Given the glut of awards ceremonies this time of year, we shouldn’t be overly surprised by the overabundance of what my wife insightfully called “Oscar-porn” movies released in December and (to those of us who don’t live in New York or Los Angeles) January. This year, three films were released at roughly the same time, all of which were vying for the “feel-good” votes. All three are adaptations – two of them “based on a true story”. But only one of them was actually a good film.
Philomena capitalizes on the emotive weight of its source material to tell a complex and profound story. Saving Mr. Banks and The Secret Life of Walter Mitty, on the other hand, take story-telling shortcuts and end up manufacture their sentimentality.
By far the worst offender, The Secret Life of Walter Mitty is the latest film adaptation of the eponymous short story first published in 1939. In the original story, Mitty is a mild-mannered sap, ordered about by his assertive wife. Clearly unhappy with his life, but equally unwilling to enact any change, Mitty escapes into heroic daydreams at a moment’s notice.
In the new film adaptation – directed by and starring Ben Stiller, Mitty has no wife. He’s still cowardly, but in this case, he’s never started a life. Unlike the story, Mitty does decide to act on his adventurous impulses. And that’s the film’s failing.
Mitty gets no character development. In the first scene of the film, he’s scared to send a wink on eHarmony. A handful of scenes later, he’s flying to Greenland, leaping onto helicopters mid-takeoff, plunging into arctic, shark-infested waters and sneaking illegally into Afghanistan. Which is all cool, and visually stunning, and well-acted. But wholly unbelievable.
The Secret Life of Walter Mitty is being hailed (apparently by a lot of people) as “the Forrest Gump of this generation”. Those people either don’t think much of this generation or Forrest Gump.
We like Stiller’s Walter Mitty, and his chemistry with a subdued-but-still-awesome Kristin Wiig. And we all identify with Mitty’s desire to be more adventurous than he is. We all recognize the gap between the life we imagined as kids and the lives we’re actually living. But Walter Mitty’s advice to fill this gap is, apparently, “just quit your job and buy a plane ticket around the world.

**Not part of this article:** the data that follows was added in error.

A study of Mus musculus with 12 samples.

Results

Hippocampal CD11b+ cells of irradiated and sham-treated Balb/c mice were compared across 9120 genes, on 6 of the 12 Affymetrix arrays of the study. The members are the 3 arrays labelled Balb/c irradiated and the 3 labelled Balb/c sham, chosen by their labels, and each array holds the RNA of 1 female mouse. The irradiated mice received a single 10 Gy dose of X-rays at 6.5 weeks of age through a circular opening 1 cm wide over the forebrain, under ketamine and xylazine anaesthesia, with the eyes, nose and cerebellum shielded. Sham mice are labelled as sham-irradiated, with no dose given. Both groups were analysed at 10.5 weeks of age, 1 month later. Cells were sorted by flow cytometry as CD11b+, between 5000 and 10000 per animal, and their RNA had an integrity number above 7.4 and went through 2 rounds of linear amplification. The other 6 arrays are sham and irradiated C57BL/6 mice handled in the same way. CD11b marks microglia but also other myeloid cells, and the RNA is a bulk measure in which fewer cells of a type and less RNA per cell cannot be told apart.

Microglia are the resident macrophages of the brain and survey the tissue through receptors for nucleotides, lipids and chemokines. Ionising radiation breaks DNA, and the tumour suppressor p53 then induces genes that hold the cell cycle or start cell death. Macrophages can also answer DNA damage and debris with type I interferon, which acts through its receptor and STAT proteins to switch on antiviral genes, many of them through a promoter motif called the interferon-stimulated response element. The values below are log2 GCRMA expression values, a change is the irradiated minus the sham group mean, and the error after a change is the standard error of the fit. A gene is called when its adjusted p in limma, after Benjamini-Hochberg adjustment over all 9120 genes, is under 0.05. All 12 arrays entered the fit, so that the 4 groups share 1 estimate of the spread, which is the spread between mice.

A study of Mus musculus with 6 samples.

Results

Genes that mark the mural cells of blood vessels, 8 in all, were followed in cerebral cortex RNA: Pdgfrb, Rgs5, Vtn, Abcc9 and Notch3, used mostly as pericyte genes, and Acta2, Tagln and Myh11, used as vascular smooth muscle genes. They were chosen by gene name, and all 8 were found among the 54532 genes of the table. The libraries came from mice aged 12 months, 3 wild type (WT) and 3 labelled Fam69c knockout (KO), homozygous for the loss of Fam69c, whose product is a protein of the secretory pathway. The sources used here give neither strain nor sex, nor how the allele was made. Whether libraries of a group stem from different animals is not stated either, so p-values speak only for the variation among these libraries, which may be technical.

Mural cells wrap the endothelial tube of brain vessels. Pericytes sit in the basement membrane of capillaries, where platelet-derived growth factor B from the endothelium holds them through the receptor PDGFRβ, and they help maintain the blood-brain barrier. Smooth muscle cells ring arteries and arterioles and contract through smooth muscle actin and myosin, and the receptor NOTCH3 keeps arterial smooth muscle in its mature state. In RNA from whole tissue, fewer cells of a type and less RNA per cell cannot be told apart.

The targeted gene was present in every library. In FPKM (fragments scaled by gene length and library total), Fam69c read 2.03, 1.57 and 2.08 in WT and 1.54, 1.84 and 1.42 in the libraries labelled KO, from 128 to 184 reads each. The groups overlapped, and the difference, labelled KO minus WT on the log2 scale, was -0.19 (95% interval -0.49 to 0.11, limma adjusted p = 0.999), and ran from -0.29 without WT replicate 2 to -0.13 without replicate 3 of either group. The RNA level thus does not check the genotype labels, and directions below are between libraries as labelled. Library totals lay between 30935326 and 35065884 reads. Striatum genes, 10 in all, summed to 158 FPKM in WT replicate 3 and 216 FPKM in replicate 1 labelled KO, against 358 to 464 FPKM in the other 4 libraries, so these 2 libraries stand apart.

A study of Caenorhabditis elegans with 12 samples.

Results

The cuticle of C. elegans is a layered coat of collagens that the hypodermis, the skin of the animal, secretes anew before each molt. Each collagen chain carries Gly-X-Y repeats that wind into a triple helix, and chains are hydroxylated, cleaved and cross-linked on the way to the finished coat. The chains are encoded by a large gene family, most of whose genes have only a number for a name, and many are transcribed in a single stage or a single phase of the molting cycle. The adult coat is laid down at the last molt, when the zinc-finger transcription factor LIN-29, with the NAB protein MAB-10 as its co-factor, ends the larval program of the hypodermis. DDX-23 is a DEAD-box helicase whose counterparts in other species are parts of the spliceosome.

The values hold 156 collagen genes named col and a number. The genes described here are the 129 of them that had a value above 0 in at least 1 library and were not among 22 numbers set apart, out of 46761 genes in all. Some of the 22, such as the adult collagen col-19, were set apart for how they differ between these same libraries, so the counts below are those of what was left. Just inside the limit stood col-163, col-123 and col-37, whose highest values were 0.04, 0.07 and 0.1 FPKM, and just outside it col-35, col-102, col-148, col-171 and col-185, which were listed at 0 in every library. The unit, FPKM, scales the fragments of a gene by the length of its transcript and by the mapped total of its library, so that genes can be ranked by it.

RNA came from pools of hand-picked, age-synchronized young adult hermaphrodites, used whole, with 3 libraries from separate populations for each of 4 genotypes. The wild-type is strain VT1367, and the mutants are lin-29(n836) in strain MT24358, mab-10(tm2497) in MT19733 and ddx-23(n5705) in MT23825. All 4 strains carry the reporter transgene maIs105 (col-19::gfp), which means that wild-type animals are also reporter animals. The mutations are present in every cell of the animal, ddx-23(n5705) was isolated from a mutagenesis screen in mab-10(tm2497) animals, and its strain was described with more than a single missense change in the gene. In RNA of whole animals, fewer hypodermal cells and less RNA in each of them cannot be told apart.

I’m pretty sure the official hash tag of The Secret Life of Walter Mitty is #FirstWorldProblems
In other words, maybe this whole “live the life you’ve always wanted” thing is a privileged problem. And if that were the film’s subversive point, kudos. But it wasn’t.
Saving Mr. Banks wasn’t much better. Based on the true story of how Walt Disney convinced Mary Poppins author P. L. Travers to adapt her beloved character for the big screen, Saving Mr. Banks oozes sentimentality. But here, too, the film’s disingenuous presentation undercuts the weight of the emotion.
Though Travers is presented realistically (and expertly by Emma Thompson), Hanks’ Disney is – ironically, perhaps – a caricature of a real person. His boundless optimism and relentless insistence on bringing Mary Poppins to film make Travers’ reluctance seem wholly irrational.
Saving Mr. Banks was clearly trying to present Disney as a man who loved all children – even damaged children who grow up into unhappy adults. And it obviously worked for some people. Saving Mr. Banks whitewashes Disney the man, presenting him as an idealized father-figure with no flaws or frustrations. So instead of a deeply human film about reconciling our feelings about imperfect parents, Disney the mega-corporation movie studio delivers us saccharine, forgettable hero-worship.
You’ll cry at the end of Saving Mr. Banks not because the film earned your tears, but because they pushed every “sad” button and flipped every “sap” lever at their heavy-handed disposal.
Where Saving Mr. Banks seems to resonate with anyone, it’s because the film reminds them how much they loved Mary Poppins. If what makes your film work is how much it reminds viewers of how much they loved a different film, your film isn’t very good (I’m looking at you, All Saints Day).
Now consider Philomena. Also based on a true story. Also a deeply emotional. But the story of Philomena Lee is presented much more honestly, so it becomes a beautiful meditation on motherhood, faith and cynicism. Philomena (played to heartbreaking perfection by Judi Dench) has a simple, plain faith that clashes loudly with Sixsmith’s cruel, jaded cynicism.
Philomena’s earnest kindness gradually wins Sixsmith over – we get to watch it in the film. Their budding friendship transforms him into a crusader on her behalf against the Church that wronged her. We accompany Philomena on her own journey of forgiving herself. So when she refuses to allow Sixsmith to fight for her, choosing instead to respond to her victimizers with love and forgiveness that arises not from ignorance or simplicity but courage and faith, we are overwhelmed, inspired and shamed with him.
None of the characters in Philomena is idealized, which makes our emotional connection to their journeys more authentic and rewarding.
The issue in these films is not that sentimentality is inherently bad or stupid. In fact, any good film connects with us on a deeply emotional level. But precisely because emotion is so strong, it’s easy to fake. Put in a sad story about a parent, or kill off a minor character or show some audience wish-fulfillment, and the film will feel pretty amazing.
But when the emotional journey isn’t authentic, the film feels hollow. That’s why, in the end The Secret Life of Walter Mitty and Saving Mr. Banks underwhelm. It’s reflecting in the awards nominations, the RottenTomato ratings. Watch all three and you marvel at how much more profoundly Philomena speaks to you.